No on 29 committee is fighting the state's proposal impose an additional $1-per-pack tax on cigarettes and an equivalent tax increase on other tobacco products.

    SACRAMENTO -- Opponents to California's Proposition 29 have hit the airwaves to bring their message to the voters.

    On June 5, California voters will go to the polls to vote on Proposition 29, a new measure that would impose an additional $1-per-pack tax on cigarettes and an equivalent tax increase on other tobacco products that would generate between $700 and $800 million annually. However, the No on 29 committee -- a coalition of more than 3,200 groups and individuals -- hopes voters will give the proposal a collective thumbs down.

    Supporters say the money raised by this new tax would go into a special fund to finance research on detecting, preventing, treating and curing cancer, heart disease, emphysema and other diseases. The proposition also creates a nine-member board that will decide how to spend the money.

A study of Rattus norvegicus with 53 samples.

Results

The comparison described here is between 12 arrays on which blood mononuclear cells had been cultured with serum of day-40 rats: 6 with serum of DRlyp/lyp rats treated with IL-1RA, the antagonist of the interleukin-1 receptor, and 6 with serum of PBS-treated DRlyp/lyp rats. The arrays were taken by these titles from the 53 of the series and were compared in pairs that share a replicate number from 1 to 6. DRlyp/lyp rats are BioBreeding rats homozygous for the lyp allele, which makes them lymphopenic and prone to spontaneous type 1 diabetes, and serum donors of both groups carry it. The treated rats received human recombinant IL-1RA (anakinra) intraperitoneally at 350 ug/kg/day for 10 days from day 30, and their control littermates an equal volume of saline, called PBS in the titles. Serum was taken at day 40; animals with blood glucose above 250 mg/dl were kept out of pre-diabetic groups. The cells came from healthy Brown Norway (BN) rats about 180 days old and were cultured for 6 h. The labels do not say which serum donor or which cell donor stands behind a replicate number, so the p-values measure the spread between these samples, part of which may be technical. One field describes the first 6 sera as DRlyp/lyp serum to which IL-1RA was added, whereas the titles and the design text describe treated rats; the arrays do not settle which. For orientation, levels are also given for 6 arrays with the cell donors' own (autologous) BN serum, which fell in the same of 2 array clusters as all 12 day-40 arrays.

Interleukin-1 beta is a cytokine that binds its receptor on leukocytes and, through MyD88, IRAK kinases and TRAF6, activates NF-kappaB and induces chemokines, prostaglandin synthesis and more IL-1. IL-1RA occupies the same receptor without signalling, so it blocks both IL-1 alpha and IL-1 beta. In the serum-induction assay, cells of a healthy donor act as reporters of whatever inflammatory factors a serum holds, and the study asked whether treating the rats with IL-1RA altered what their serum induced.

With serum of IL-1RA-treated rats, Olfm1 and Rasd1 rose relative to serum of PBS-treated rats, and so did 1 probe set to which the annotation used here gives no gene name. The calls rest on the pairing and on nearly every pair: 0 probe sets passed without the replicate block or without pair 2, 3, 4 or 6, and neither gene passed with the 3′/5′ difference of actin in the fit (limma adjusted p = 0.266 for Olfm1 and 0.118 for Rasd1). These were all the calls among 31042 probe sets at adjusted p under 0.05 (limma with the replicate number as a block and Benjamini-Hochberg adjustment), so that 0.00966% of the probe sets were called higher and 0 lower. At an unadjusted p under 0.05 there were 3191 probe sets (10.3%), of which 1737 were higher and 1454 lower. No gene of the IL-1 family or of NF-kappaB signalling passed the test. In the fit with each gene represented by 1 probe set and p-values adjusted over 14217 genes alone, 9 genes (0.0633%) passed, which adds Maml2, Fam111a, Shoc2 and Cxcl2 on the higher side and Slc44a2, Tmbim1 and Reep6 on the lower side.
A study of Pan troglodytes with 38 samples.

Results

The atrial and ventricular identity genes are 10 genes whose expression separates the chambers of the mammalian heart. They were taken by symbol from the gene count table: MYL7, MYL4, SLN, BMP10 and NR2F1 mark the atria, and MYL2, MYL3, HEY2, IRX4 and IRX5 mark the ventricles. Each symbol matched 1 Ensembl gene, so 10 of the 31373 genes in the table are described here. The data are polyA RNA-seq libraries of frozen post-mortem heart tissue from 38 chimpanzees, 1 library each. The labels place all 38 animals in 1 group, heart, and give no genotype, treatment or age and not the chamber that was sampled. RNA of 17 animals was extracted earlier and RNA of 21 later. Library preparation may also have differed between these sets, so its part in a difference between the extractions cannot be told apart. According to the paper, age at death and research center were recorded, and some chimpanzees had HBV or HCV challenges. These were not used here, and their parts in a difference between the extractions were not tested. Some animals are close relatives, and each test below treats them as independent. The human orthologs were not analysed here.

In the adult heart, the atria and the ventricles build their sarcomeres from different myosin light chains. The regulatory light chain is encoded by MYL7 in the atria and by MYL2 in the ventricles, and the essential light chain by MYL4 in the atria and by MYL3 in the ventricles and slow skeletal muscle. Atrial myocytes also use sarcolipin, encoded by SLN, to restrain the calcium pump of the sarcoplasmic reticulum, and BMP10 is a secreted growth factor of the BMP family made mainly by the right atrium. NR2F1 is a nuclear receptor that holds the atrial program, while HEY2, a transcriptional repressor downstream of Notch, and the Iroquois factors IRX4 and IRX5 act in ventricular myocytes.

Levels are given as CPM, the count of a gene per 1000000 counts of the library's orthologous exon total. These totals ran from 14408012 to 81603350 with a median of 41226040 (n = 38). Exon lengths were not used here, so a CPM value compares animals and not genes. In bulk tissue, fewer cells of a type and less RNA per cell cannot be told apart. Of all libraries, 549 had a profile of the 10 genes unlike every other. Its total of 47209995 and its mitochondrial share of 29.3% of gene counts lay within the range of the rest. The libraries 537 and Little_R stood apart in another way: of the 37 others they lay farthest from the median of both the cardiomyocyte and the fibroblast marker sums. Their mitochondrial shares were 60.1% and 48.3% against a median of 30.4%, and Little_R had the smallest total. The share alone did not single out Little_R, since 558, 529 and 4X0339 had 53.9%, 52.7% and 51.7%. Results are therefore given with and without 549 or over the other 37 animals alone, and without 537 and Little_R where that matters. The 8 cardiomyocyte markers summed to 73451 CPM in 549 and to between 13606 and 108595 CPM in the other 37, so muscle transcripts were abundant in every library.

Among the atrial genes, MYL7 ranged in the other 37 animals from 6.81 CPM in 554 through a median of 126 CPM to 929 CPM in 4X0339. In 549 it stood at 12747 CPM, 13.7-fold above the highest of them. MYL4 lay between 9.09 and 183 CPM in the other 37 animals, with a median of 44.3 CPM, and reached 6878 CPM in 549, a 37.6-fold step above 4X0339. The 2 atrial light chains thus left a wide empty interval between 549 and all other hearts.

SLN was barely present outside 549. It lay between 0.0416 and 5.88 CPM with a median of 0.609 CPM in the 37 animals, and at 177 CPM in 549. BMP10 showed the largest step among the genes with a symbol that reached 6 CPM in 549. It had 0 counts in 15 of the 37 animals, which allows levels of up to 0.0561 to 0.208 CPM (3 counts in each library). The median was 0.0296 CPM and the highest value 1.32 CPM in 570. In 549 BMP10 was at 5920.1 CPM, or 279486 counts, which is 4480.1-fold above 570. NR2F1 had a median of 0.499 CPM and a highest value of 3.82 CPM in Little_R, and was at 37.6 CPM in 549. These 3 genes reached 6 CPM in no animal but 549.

However, as Convenience Store News magazine's editor-in-chief Don Longo opined in the magazine’s upcoming May 1st issue, Prop 29 is flawed. It grows government in a state that already faces a $10-billion deficit; it puts millions of taxpayer money in the hands of unaccountable bureaucratic appointees; and it circumvents a requirement of the state constitution that 40 percent of all new tax revenue go to schools. In addition, this slush fund isn't even required to be spent in California, Longo stated in an editorial.

    In addition, Prop 29 will be a major blow to the profitability of convenience stores in the state, he wrote.

    As pointed out by Robinson Oil CEO Tom Robinson, whose Rotten Robbie c-store chain is based in Santa Clara, Calif.: "Anytime you raise the price of any product, you tend to encourage more black market sales and that really hurts both legitimate retailers and the state, which can't collect taxes on illegal sales."